Aim: To find out which factor or factors determine the resistance of a length of carbon in the form of a pencil.

Introduction: The reason we are investigating carbon is because it has very interesting properties and because it is such an important element in electronics. What makes carbon so interesting is that it is a semi-conductor, this means that it behaves like an insulator when cold but when warm it becomes poor conductors. Also carbon in the form of graphite, which we are using in this investigation is very unusual because it is a non-metal which conducts. In fact it is the only non-metal pure element that conducts electricity and this is the reason why it is so useful in electronic circuits.

Theory: Resistance in terms of this experiment is the slowing of the flow of current through the carbon track by anything in the carbon track. To explain this definition fully we first have to explain conduction, which is the flow of current through a conductor. The current flows by means of free electrons through the conductor and so the more free electrons or the larger the “sea” of free electrons the better conductor the material is. EG. Iron has less free electrons than Gold and so gold is a better conductor.  

The electricity put into the material then gives the free electrons a charge and so they begin to move randomly and crash into other free electrons. This happens all along the length of the conductor and so the electrons begin to move from the negative connection to the positive connection (this happens because electrons are negatively charged). This is how the current flows.  The resistance in the carbon track is caused by these charged free electrons crashing into fixed particles (nuclei and protons)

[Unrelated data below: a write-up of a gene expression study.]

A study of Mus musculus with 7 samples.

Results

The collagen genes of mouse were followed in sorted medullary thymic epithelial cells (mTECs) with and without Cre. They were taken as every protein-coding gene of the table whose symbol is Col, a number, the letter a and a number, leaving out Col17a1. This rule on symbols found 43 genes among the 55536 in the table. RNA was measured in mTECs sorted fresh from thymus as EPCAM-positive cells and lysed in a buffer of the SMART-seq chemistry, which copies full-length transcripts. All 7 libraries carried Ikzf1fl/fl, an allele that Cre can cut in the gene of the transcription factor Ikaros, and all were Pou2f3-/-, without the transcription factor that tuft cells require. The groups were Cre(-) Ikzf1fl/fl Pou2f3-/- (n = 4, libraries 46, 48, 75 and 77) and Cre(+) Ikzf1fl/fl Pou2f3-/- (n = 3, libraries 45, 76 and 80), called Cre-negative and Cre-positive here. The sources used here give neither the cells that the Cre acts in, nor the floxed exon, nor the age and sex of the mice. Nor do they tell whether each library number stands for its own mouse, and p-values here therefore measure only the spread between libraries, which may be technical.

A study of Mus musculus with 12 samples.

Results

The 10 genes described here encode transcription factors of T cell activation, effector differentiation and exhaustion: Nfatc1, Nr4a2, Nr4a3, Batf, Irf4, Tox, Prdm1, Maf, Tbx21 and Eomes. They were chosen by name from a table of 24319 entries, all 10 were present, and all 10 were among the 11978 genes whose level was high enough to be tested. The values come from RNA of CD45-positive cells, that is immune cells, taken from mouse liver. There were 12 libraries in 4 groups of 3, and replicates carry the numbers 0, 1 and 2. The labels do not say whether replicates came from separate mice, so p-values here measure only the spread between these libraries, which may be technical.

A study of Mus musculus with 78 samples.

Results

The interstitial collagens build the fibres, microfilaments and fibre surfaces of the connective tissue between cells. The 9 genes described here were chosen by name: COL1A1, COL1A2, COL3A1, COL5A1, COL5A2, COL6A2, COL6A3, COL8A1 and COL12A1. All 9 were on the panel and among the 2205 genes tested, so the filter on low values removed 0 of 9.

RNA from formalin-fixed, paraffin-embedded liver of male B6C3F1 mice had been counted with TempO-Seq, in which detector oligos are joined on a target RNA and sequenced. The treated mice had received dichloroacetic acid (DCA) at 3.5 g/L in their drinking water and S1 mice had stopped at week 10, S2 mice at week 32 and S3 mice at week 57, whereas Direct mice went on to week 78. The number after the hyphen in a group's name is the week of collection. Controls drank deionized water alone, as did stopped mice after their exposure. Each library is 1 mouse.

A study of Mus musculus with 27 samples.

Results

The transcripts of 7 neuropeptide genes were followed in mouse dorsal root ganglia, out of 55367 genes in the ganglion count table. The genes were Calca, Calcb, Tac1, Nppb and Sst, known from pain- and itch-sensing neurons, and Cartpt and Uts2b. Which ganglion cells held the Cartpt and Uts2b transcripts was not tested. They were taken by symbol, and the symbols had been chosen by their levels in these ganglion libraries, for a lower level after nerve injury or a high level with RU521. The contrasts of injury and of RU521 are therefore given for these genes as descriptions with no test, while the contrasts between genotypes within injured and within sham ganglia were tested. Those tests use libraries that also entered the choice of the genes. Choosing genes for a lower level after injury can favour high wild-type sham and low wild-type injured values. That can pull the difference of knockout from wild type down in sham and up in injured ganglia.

Advantage:Simple and quick to use and has different ranges to measure both large and small resistances accurately. It’s very safe to use as it only puts a small current through the example.

Disadvantage:Accuracy not that good for small resistances and the resistance of the connecting wires has to be taken into consideration.

 Best choice:Digital multimeter in the ohmmeter mode.

Reasons:I have chosen this because it is far quicker to use meaning that I can repeat readings to get more reliable results and the results also have a smaller percentage error. Although it is not particularly good at measuring small resistances, I expect that carbon being a semi-conductor will have quite high resistances.

The smallest value of length I will measure will be 2cm and the largest will be 20cm. I will take a reading every 2cm and so this will give me a total of 10 readings.

The smallest value of width I will measure will be 0.5cm and the largest will be 5cm. I will take a reading every 0.5cm and so this will give me a total of 10 readings.

To make sure the readings are reliable I will repeat this at least two times and more if time permits. To make sure the readings are as precise as possible I will measure both the length and the width to the nearest ½mm.

Precautions and special techniques:When I connect the carbon track to the ohmmeter, I have to decide between these two connection ideas.

Idea:A sharp pointed connector

Advantage:Can easily measure accurately and confidently between the two connectors because the connector is very thin.



My carbon line in normal view:


As you can see the line appears perfect.

Magnified view of Carbon track:


This closer view shows that the carbon track is by no means perfect and this degree inaccuracy means that the results may not be what they should.

The patterns in my graphs were fairly obvious to find and I believe that when I did use a straight fit best line instead of a curve it was acceptable because it was more fitting for the readings.